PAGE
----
A new study finds that a significant number of parents with babies involved in care proceedings have learning disabilities or learning difficulties, with as many as three-quarters not identified until after the court process has begun.

19/06/24

One in three parents at risk of having babies removed have learning difficulties

A new study has highlighted the prevalence of learning disabilities and learning difficulties among parents with babies involved in care proceedings.

The study, carried out for the Nuffield Family Justice Observatory (NFJO) suggests that parents with learning disabilities or learning difficulties whose babies are involved in care proceedings are often missing the chance to access and meaningfully engage in pre-birth services that might help them to develop or prove their parenting abilities.

Researchers at the Institute of Public Care at Oxford Brookes University examined 200 care proceedings cases involving babies (children under one year old) across four different local authority areas, and interviewed professionals and parents. They found that in one third (34%) of the cases one or more of the parents involved had learning disabilities or learning difficulties. The prevalence of one or more parents with a learning disability or difficulty varied across the country – with up to 44% in county areas and to 22% in a London borough.

Worryingly, in approximately three quarters of the reviewed children’s case files, parents’ learning disabilities or learning difficulties had not been identified until their cases reached court. Researchers added that it was concerning as these disabilities or difficulties were often not being identified earlier, as this will have affected their support which will not have been adapted for their needs.

Professionals of all types interviewed as part of the study thought this was far too late and that there were missed opportunities to identify learning disabilities or learning difficulties at an earlier stage.

The study also suggested that parents are often already known to services. Nearly half (49%) of the mothers and 28% of the fathers were known to have older children already in care. Just over half (51%) of the mothers and just under a quarter (24%) of the fathers were known to have been in care or to have been the subject of a statutory child protection or child in need plan themselves as children.

Current legislation mandates that public bodies, including local authorities and courts, are required to make reasonable adjustments to ensure that people with disabilities are not put at a substantial disadvantage, but late identification of parental learning disabilities or learning difficulties mean that key parenting assessments and parenting support services are very unlikely to be tailored to parents’ learning needs.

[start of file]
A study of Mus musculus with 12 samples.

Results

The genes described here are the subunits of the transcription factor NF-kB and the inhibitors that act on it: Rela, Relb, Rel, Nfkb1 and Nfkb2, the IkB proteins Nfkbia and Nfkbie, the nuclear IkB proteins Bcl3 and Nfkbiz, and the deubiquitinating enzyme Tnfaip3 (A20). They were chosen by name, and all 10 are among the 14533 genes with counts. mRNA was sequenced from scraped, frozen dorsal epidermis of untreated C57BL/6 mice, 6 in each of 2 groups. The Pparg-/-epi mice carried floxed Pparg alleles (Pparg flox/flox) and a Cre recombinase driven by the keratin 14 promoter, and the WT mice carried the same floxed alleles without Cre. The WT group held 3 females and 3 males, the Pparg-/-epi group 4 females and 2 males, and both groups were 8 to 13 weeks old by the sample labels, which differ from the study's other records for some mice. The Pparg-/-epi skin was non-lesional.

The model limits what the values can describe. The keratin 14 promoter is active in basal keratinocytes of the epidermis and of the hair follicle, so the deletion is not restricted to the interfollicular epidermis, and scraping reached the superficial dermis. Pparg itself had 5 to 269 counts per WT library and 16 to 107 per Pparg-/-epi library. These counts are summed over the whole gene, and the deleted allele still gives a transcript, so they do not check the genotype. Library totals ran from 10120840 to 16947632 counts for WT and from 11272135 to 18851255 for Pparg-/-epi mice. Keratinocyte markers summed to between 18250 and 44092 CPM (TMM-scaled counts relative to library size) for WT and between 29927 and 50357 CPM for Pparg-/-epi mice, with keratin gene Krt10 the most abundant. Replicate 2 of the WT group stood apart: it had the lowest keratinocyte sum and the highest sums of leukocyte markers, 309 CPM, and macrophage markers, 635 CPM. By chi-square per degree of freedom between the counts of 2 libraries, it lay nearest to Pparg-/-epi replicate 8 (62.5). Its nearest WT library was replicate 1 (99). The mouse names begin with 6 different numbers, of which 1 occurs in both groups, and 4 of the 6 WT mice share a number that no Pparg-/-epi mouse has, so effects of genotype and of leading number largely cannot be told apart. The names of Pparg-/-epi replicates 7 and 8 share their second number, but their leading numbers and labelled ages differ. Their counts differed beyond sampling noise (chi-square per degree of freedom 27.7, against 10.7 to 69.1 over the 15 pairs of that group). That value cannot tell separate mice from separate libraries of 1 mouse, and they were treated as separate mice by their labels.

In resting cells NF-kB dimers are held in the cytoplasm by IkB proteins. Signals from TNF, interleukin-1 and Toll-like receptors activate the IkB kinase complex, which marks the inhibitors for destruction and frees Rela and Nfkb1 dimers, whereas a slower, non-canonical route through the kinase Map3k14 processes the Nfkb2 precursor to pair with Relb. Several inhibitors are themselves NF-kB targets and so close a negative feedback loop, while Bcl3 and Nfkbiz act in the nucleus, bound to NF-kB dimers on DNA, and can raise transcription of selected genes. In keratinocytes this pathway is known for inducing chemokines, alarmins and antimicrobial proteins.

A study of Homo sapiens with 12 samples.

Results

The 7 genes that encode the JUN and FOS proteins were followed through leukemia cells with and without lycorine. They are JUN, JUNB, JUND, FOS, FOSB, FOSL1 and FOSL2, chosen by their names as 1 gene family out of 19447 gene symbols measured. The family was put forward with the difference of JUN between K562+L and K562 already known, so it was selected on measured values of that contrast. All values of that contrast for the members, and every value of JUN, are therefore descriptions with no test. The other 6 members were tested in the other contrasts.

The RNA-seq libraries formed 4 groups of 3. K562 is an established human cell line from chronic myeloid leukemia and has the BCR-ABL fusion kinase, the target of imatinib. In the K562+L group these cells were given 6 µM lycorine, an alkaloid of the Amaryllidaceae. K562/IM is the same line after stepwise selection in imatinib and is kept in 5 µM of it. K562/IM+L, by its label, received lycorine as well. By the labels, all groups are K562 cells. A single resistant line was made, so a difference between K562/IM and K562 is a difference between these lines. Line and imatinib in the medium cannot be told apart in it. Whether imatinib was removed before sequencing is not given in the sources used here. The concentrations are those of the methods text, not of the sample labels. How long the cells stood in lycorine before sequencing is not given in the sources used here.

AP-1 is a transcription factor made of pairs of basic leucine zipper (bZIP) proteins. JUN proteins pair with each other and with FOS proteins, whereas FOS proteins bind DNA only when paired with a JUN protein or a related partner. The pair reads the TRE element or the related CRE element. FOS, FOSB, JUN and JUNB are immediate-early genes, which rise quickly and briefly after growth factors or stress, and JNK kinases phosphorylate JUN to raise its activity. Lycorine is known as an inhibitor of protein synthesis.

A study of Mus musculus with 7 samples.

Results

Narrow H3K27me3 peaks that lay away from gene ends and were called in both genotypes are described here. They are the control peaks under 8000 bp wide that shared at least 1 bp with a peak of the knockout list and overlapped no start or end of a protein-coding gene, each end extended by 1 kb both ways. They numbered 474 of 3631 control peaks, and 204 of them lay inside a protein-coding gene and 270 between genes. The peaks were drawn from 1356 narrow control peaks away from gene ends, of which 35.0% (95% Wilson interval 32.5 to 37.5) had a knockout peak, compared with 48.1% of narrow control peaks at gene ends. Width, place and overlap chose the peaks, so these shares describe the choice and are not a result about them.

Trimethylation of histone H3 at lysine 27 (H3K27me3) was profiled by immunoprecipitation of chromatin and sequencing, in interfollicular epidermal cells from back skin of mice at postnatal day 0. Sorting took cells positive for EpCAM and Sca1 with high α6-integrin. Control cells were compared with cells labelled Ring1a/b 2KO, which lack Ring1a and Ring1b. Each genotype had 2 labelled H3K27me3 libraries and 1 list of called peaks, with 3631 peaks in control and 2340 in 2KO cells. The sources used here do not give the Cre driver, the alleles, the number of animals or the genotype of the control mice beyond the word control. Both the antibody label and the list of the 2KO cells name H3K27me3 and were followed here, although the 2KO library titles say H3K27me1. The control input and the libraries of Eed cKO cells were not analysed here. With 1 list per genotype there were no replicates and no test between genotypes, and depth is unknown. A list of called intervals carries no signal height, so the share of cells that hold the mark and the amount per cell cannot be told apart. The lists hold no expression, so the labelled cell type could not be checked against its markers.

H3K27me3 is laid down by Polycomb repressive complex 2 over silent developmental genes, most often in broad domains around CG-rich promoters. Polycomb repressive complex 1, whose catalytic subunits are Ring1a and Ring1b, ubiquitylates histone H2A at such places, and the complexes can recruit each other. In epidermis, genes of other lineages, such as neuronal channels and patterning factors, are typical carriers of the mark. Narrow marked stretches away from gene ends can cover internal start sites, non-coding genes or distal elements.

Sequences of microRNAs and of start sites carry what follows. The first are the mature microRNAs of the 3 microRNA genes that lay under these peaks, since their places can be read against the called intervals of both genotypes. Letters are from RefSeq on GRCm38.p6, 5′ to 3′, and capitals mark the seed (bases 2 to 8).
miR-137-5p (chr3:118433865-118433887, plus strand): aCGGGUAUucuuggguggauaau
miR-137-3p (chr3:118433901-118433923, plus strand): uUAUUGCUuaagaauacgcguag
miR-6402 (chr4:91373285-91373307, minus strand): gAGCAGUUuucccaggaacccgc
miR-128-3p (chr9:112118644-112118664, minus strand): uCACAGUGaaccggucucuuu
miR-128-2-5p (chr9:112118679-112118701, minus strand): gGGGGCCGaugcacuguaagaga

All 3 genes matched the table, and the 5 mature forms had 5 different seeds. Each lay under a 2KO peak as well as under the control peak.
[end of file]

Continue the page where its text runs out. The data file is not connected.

The professionals interviewed considered that in these circumstances parents were less likely to be engaged effectively in pre-proceedings work and resources would be wasted.

Researchers warned that late identification also meant care proceedings might also be delayed. In the cases analysed, the average length of proceedings was 39 weeks and, in more than three quarters (76%) of cases, the proceedings needed to be extended beyond 26 weeks.

“Uncovering that such a significant proportion of the parents in these cases are likely to have learning disabilities or difficulties has a profound impact on how we should be thinking about the type of support they need,” Lisa Harker, Director of NFJO, said.

“The pre-proceedings period is a vital chance for parents to learn or prove their parenting ability, and if these services are not being adapted to meet the needs of people with learning disabilities or difficulties then we could be looking at a serious injustice.”

“Parents more widely are already facing delayed support before their baby’s birth and court hearings commencing at very short notice, both of which impact their chance to show they can safely care for their children – this research suggests that parents with learning disabilities or difficulties are facing additional barriers.”

Professor Katy Burch, who led on the research, said that the professionals involved in the study agreed that assessments for parents’ learning difficulties happening during court proceedings was ‘far too late’ and that there were missed opportunities to identify them at an earlier stage.

She added that the research showed the main barriers to earlier identification included the costs for local authorities in getting an assessment completed earlier and social workers not having the right training, experience, authority, or time to screen effectively or to trigger a further in-depth assessment.

“Our research has shown that the clock is ticking for parents to prove that they can provide good enough care for their child from the moment of referral to children’s social care until court. In advance of their child’s birth, this could mean more tailored support is required depending on individual needs.”